US Rep. Ilhan Omar (D-MN) (L) talks with Speaker of the House Nancy Pelosi (D-CA) during a rally with fellow Democrats before voting on H.R. 1, or the People Act, on the East Steps of the US Capitol on March 08, 2019 in Washington, DC. (AFP photo)
Kremlin spokesman Dmitry Peskov

The Kremlin says Russia will only use nuclear weapons if its very existence were threatened, as concerns continue to grow in the West that Moscow's military operation in Ukraine could escalate into a full-scale nuclear war.

Kremlin spokesman Dmitry Peskov made the remark during an interview with CNN International on Tuesday, when asked whether he was "convinced or confident" that President Vladimir Putin would not use nuclear weapons in the context of the Ukraine conflict.

"We have a concept of domestic security and it's public, you can read all the reasons for nuclear arms to be used. So if it is an existential threat for our country, then it (the nuclear arsenal) can be used in accordance with our concept," he said.

He also stressed that there are no other reasons Russia could use the nuclear option, according to the country's security policy.

Peskov further noted that Russia’s war in Ukraine was “going on strictly in accordance with the plans and the purposes that were established beforehand.”

The comments came a day after United States President Joe Biden said it is "clear" Russia is considering the use of chemical and biological weapons in Ukraine, warning of a "severe" Western response if it chose to do so.

Putin announced a "special military operation" in Ukraine on February 24. The conflict has provoked a unanimous response from Western countries, which have imposed a long list of sanctions on Moscow.

On February 27, the Russian president put the country’s nuclear deterrence forces on “high alert,” after NATO countries said they would speed up weapons and other military assistance to help Ukraine battle Russian forces.   

United Nations Secretary-General Antonio Guterres has already warned that “the prospect of nuclear conflict, once unthinkable, is now back within the realm of possibility.”

'Confrontational' Russia talks moving ahead: Ukraine

Meanwhile, Ukrainian President Volodymyr Zelensky has expressed hope for peace talks with Russia to end the war, saying the talks are confrontational but moving forward.

"It's very difficult, sometimes confrontational," he said in an early morning address on Wednesday. "But step by step we are moving forward."

Russian and Ukrainian officials have held several rounds of talks since Russia began the military operation.

The most high-level negotiations were held between their foreign ministers in Turkey. But diplomacy has so far failed to produce any breakthrough.

Zelensky has repeatedly called for direct talks with his Russian counterpart, Putin, saying he was ready for a compromise to end the conflict. Moscow says the latest round of talks has not made enough progress to warrant a meeting between the two heads of state.

Russia has already said it will halt the military operation instantly if Kiev meets Moscow's list of conditions, including that Ukraine never attempts to join NATO.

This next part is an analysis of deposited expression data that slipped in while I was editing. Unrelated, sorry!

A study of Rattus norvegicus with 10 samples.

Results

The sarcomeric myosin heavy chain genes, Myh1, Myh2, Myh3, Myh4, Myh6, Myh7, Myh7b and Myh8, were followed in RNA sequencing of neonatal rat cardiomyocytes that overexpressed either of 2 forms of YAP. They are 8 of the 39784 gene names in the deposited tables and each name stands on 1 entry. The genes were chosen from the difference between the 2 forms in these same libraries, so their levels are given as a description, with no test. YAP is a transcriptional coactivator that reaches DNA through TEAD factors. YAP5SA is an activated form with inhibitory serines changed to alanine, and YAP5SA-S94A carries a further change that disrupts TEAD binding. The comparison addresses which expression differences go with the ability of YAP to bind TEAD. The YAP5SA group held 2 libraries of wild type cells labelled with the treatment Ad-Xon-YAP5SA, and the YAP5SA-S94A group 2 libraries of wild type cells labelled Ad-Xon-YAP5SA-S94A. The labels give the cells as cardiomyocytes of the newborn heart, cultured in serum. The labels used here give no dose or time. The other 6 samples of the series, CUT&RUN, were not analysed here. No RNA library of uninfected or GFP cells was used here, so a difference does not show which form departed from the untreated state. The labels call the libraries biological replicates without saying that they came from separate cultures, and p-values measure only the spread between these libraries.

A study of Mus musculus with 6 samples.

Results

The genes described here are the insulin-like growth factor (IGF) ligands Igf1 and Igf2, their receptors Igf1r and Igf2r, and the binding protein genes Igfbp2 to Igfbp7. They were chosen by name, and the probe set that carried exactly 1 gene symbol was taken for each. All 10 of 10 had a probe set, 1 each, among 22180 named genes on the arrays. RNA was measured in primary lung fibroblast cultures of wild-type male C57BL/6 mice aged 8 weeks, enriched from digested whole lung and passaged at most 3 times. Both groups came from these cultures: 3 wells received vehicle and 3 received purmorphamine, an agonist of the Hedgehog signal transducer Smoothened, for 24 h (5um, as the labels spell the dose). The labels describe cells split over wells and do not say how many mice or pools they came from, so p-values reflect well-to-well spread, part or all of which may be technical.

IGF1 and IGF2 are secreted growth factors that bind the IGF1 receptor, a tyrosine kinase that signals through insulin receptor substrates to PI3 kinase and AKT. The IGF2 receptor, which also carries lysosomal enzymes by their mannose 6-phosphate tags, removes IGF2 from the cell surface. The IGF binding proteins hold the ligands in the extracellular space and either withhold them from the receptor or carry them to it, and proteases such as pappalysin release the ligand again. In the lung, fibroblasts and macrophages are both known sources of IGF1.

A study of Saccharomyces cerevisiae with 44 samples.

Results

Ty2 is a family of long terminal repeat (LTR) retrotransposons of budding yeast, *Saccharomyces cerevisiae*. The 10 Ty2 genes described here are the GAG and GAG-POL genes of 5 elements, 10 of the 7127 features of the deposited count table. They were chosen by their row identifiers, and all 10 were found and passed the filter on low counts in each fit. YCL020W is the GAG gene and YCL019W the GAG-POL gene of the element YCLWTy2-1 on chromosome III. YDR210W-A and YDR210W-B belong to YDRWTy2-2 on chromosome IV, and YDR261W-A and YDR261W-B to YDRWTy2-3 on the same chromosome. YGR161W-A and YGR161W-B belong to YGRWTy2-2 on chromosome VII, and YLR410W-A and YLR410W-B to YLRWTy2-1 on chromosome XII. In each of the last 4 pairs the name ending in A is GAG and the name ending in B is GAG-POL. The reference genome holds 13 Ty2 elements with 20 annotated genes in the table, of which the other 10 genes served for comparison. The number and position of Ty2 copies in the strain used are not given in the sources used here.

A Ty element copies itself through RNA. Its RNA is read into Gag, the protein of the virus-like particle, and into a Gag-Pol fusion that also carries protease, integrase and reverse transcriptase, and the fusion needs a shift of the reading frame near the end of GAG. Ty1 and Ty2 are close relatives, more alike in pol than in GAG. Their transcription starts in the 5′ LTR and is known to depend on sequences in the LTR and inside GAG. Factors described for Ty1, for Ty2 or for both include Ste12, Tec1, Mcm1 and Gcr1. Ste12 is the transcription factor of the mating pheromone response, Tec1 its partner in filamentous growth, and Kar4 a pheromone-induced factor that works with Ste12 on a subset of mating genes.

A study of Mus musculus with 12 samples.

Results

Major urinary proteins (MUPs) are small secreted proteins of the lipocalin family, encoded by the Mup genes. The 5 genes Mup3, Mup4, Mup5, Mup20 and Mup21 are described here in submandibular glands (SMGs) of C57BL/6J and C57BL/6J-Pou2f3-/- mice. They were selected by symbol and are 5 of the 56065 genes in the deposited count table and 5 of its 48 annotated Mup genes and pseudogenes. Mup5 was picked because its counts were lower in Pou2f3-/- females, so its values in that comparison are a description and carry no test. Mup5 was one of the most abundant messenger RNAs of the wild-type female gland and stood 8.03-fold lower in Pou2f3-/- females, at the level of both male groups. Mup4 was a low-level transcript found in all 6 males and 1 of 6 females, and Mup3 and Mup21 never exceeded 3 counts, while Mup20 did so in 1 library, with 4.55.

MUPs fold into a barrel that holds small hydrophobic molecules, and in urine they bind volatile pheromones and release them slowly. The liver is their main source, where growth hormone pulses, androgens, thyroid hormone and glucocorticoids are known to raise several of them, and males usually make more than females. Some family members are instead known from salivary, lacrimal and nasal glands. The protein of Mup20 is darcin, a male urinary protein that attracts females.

The military conflict has so far displaced more than 3.5 million people in what the United Nations has described as the fastest growing refugee crisis in Europe since World War II.

Zelensky's remarks come as Mariupol city council has accused Russia of turning the besieged port city into the "ashes of a dead land" with its intense air strikes.

Regional governor Pavlo Kyrylenko says hundreds of thousands are believed to be trapped inside buildings, with no access to food, water, power or heat, adding that both civilians and Ukrainian troops are coming under Russian fire.

Ukrainian Deputy Prime Minister Iryna Vereshchuk also said at least 100,000 people wanted to leave Mariupol but could not.

Russia's RIA news agency, citing a separatist leader, reported that Russian forces had taken about half of the port city, normally home to around 400,000 people.

Mariupol has become the focus of the war that erupted since Russia sent its troops over the border. The port city lies on the Sea of Azov and its capture would allow Russia to link areas in the east held by pro-Russian forces with the Crimean peninsula, which joined the Russian Federation following a referendum in 2014.

The latest development also comes as the West is planning to announce more sanctions against Russia this week, amid a worsening humanitarian crisis in Ukraine.

White House national security adviser Jake Sullivan said on Tuesday that President Biden and US allies would announce the new sanctions when the president travels to Brussels on Thursday.   

“He will join our partners in imposing further sanctions on Russia and tightening the existing sanctions to crack down on evasion and to ensure robust enforcement,” Sullivan told reporters during a press briefing. 

According to a report The Wall Street Journal, the Biden administration will sanction hundreds of Russian lawmakers in an extension of the current sanctions on the Kremlin.

President Putin said earlier this month that Western sanctions on Russia were akin to a declaration of war.